Thursday, May 8, 2014

NC Lieutenant Governor Proposes Paying for Teacher Raises with Donations

Yesterday, North Carolina Governor McCrory announced his plans to raise teacher pay in the short term with an average 2% raise, he also introduced a plan to raise teacher pay in the long-term. These long term plans were to raise pay based on a combination of experience, education, merit and market-need. The big question is always how do you pay for this when the North Carolina Legislature severely cut revenue last year, and it has been reported recently that there is already a $445 million shortfall? It would appear that our North Carolina Lieutenant Governor Dan Forest has an idea for paying for these teacher pay raises: Let’s pay for them by donation.

According to WRAL this morning, Lieutenant Governor Forest is proposing to gather donations from specialized license plates, taxpayer donations, and corporate donations to pay for the new teacher pay raises proposed by McCrory, (See “Forest Proposes Endowment Fund to Raise Teacher Salaries.” ) Instead of finding tax revenue, Forest’s plan is to rely totally on donations for fund teacher pay raises. Forest states that it is a “creative response to tough economic times.” I would grant that it is perhaps a “creative” response and probably one someone who is tax-averse would suggest. Perhaps our entire government’s salaries should be paid by donation? If our Lieutenant Governor or Governor were paid “by donation” too, we could simply stop donating if they aren't doing the job we thought they should be doing.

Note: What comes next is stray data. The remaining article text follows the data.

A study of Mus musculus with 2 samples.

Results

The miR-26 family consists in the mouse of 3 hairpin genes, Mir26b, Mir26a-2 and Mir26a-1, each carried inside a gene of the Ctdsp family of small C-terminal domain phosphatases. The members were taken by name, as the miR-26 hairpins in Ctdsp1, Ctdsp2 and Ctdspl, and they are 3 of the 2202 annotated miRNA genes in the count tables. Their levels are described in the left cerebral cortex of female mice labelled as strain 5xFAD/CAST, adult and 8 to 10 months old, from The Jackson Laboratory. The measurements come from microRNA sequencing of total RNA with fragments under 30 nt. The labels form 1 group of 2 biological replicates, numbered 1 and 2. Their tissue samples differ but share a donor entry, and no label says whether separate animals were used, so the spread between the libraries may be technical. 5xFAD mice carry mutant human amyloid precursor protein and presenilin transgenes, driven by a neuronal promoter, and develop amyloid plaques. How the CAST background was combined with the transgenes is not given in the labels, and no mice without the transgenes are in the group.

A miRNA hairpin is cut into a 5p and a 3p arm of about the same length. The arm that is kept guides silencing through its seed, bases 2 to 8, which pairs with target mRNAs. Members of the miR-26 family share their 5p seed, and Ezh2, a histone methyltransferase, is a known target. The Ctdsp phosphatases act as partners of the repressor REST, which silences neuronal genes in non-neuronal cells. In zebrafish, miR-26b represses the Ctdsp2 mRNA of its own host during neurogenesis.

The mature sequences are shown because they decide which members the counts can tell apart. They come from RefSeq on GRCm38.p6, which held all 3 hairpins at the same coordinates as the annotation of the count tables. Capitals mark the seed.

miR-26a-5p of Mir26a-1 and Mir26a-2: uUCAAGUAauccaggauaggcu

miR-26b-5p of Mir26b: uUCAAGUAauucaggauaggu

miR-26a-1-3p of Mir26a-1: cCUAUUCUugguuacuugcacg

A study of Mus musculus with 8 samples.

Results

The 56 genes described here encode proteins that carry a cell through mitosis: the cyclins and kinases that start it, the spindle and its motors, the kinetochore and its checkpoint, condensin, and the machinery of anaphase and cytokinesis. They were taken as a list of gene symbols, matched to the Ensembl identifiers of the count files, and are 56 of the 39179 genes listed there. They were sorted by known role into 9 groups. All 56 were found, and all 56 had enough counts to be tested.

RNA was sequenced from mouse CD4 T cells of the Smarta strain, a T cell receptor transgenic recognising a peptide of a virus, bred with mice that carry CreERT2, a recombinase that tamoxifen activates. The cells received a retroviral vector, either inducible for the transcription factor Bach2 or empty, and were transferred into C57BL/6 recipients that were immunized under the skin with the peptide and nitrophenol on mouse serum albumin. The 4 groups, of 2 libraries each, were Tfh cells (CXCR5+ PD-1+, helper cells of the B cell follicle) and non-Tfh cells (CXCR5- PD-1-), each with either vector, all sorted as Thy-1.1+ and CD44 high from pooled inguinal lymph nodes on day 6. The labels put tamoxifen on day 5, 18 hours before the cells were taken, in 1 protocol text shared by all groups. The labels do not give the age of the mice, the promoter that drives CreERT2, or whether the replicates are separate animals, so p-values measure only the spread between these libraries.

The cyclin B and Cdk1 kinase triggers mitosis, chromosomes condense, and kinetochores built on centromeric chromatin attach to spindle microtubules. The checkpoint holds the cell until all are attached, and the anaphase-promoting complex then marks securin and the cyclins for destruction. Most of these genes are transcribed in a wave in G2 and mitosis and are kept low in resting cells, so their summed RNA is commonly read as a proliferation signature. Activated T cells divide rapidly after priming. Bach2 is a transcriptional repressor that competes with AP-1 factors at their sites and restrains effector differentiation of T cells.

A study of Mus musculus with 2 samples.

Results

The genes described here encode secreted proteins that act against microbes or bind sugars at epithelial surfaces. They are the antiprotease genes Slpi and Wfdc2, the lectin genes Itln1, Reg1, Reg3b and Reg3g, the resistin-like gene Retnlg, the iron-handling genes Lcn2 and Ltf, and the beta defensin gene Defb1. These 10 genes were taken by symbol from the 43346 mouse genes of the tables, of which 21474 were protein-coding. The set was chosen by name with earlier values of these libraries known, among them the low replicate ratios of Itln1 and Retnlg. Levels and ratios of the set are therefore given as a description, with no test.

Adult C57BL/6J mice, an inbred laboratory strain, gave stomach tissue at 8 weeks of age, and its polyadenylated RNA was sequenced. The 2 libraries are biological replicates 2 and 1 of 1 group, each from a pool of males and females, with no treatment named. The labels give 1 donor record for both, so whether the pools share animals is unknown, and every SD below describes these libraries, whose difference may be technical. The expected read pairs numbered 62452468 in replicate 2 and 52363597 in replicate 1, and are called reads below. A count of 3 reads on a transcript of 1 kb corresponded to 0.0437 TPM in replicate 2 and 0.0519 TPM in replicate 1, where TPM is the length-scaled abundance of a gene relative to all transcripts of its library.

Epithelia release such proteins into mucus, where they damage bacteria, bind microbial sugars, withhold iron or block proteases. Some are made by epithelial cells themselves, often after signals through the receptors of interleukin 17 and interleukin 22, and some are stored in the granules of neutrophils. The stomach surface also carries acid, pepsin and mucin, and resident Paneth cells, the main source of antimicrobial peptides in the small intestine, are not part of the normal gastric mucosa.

The real problem with Forest’s suggestion is that it might really illustrate that our current state government is still not entirely committing to paying teachers what they deserve. Instead of biting the bullet and finding existing money or new revenue, they are going to resort to essentially what State Senator Josh Stein calls “voluntary taxation.” Methinks Lientenant Forest’s proposal has to be one of the most bizarre ideas yet to come out of this current state government. I give Forest a A for ‘”off-this-planet” thinking, and an F for really being committed to finding ways to pay teachers what they deserve.